Four tips to lose weight

Posted by Helen Potter Subiaco on 21 February 2017 | Filed under Tips

Lose Weight

The association between weight gain and meeting simple guidelines for four key behaviours. A survey of a cohort of 1,155 people (43% men, 57% women) at two points five years apart.

Four good habits add up to lower weight gain

The four behaviours are: eating breakfast, limiting takeaway food to no more than once per week, taking at least 10,000 steps per day and watching no more than two hours of television per day.

Healthy behaviours pay off – those who meet the guidelines at both survey times have lower weight gain than those who ddon’t meet the guidelines. Lead researcher Dr Kylie Smith says the study also showed that it’s never too late to change – those who don’t meet the guidelines in the first survey but did five years later have a similar weight gain to those who meet the guidelines in both surveys.

The research participants are aged between 26 and 36 when the data was collected for the first time. The average weight gain for the entire cohort over five years was two kilograms.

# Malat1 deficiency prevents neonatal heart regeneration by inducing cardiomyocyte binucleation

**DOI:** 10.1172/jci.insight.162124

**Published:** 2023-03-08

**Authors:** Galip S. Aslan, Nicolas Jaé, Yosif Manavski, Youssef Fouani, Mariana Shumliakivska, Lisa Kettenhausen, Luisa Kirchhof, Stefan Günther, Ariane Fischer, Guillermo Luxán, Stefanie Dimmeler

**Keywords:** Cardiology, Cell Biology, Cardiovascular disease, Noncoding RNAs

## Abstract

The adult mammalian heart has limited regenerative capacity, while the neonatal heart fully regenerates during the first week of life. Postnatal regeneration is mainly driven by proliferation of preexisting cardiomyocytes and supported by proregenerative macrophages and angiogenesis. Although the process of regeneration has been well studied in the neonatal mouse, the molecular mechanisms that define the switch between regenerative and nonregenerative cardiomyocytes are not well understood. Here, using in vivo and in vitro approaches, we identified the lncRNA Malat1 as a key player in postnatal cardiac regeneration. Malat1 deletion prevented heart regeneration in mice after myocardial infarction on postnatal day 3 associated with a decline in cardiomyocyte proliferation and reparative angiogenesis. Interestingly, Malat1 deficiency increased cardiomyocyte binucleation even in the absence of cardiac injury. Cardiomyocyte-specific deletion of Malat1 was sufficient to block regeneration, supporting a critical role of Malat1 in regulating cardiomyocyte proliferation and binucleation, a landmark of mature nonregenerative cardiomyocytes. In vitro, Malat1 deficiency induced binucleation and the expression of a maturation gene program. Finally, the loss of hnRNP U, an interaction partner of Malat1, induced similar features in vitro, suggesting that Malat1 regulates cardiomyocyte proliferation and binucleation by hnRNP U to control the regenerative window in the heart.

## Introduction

Weight Gain

The greatest weight gain tend to be among those whose healthy behaviours lapse between the first and second surveys. Weight gain increased as the number of guidelines met decreased. Participants who met none or only one guideline gain on average 3.8 kilograms more over the five years than those who meet all four guidelines.

While the majority of participants met the recommendations for breakfast, takeaway food consumption and television viewing, most did not achieve 10,000 steps/day. Women were more likely to meet the guidelines than men.

Dr Smith said the survey provided encouragement for young adults to make some simple changes to reduce weight gain. “Weight gain is common among young adults so here are four simple things to consider. Our analysis clearly shows the association between the behaviours and weight gain,” she said.

The data analysis was part of the Childhood Determinants of Adult Health study (CDAH), a Menzies longitudinal study that is tracking cardiovascular health through the life of several thousand Australians first surveyed as school children in 1985.

This research has been published in BMC Public Health.